Looking for a jump start on next year’s harvest? Then knowing how to overwinter pepper plants is all-important.
Learning how to grow peppers and lovingly care for them during the winter months is really not that tricky and will reward you with strong, early growth and a healthy harvest. Often grown as annuals in temperate climes, these plants are perennials in their native Latin America and actually perform more successfully in their second year. Thanks to their well-established root system, they will happily send additional branches, more leaves, and larger fruit, so are well worth taking care of. Plus, these colorful vegetables will be a welcome addition to your winter garden ideas, so do think about the best pepper companion plants when planning a vegetable garden.
When thinking about the best winter plants for pots and borders, peppers might not be first on your list, but if do have these abundant plants in your garden, then learning how to overwinter them is certainly worth the effort and attention when planning a winter garden.
As tender exotics, chili and other bell peppers flourish outdoors when temperatures are consistently above 50℉ (10℃), but dip below that and they will begin to lose leaves and enter dormancy. If temperatures dive below 35℉ (1.6℃) the plants will die altogether, so take precautions and follow these expert tips to see these culinary favorites safely through to spring.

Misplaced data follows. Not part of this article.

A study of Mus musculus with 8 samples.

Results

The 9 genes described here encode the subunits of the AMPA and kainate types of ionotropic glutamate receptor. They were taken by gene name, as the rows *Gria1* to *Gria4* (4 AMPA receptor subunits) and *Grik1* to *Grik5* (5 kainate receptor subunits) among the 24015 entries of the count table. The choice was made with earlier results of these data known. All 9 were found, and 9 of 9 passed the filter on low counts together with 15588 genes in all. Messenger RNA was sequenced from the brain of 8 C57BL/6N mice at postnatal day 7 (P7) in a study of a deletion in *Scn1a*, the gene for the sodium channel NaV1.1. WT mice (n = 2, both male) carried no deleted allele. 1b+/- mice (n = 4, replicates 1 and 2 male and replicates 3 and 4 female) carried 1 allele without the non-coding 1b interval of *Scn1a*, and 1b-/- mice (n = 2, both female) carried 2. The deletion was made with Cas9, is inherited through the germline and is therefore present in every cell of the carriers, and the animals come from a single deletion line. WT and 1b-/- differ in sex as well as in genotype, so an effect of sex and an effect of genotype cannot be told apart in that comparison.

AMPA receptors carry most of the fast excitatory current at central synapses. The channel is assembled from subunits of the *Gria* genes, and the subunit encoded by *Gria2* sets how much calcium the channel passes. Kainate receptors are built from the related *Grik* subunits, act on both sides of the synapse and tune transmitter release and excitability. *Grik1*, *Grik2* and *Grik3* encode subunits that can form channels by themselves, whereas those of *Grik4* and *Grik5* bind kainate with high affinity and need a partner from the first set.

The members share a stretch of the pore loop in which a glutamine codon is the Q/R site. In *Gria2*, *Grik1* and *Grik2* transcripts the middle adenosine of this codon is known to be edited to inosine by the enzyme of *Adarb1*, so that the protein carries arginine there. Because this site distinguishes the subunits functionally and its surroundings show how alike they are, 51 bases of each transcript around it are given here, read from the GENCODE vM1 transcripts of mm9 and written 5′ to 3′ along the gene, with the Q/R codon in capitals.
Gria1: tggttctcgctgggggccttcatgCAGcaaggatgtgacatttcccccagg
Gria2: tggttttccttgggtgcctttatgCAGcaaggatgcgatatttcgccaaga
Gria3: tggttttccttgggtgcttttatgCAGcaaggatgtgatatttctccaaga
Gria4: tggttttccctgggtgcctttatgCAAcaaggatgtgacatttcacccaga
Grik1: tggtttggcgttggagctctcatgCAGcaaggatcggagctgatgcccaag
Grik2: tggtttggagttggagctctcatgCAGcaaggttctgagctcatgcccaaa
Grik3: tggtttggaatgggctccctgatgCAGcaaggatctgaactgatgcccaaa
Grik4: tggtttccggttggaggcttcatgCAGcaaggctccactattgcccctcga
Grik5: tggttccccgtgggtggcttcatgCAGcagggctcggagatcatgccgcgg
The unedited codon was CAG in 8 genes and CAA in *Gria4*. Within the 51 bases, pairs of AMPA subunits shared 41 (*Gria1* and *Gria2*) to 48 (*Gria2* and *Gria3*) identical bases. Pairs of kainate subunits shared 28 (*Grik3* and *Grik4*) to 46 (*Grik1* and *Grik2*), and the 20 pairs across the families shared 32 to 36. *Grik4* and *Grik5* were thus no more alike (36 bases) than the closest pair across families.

How to overwinter pepper plants
Whether you have just one cherished plant or a carefully curated collection of peppers, it is only worth overwintering the strongest and healthiest plants. Many plants towards the end of the growing season suffer from aphid attacks so check thoroughly before bringing them inside and spray with water and even an insecticidal soap to help keep them at bay.
Deciding on what action is needed, to see them through the colder months depends on your local climate and how you have been growing them.
How to overwinter potted pepper plants inside
‘For potted pepper plants, simply bringing them inside and placing them near an unobstructed south-facing window is all that needs to be done,’ says Bob Z author of the blog, Chile Peppers.com. ‘Keep them in a sunny window and allow the soil's top layer to dry out slightly between watering. Plant pots should have good drainage – drip trays/tubs are needed to catch water run-off. As mentioned, it's normal for overwintered pepper plants to drop a lot of leaves when first brought indoors.’
Once outside temperatures climb consistently above 55℉ (12.7℃) and there is no chance of frost, potted plants can be returned outside.
How to lift and overwinter pepper plants
Growing pepper and chili plants in a border will ensure they get all the moisture and nutrients they need and give roots a growth-boosting free run too, but when temperatures begin to dip and there’s the first whiff of frost you will need to protect them and bring them inside.
‘Pepper plants in the garden can be dug up and placed into an appropriate-sized pot,’ explains Bob. Remove as much of the existing soil as possible, check the roots for any pesky aphids and remove if found before repotting in fresh, free-draining compost.
Mark McMullan, author of Thechileman blog says, ‘Dormant plants should be cut right back leaving only a small stump just a few inches above the soil line. Leaving dying vegetation encourages pests like whiteflies and also disease. Even after the most severe pruning, dormant plants will sprout new vigorous growth when the warmer spring weather returns, assuming of course they have made it through the winter.’
Home, Ideal Home, Modern Gardens and Gardeningetc.com. Although much of her career has involved commissioning and writing about reader homes and home improvement projects, her
everlasting passion is for gardens and outdoor living, which is what she writes about for Homes & Gardens.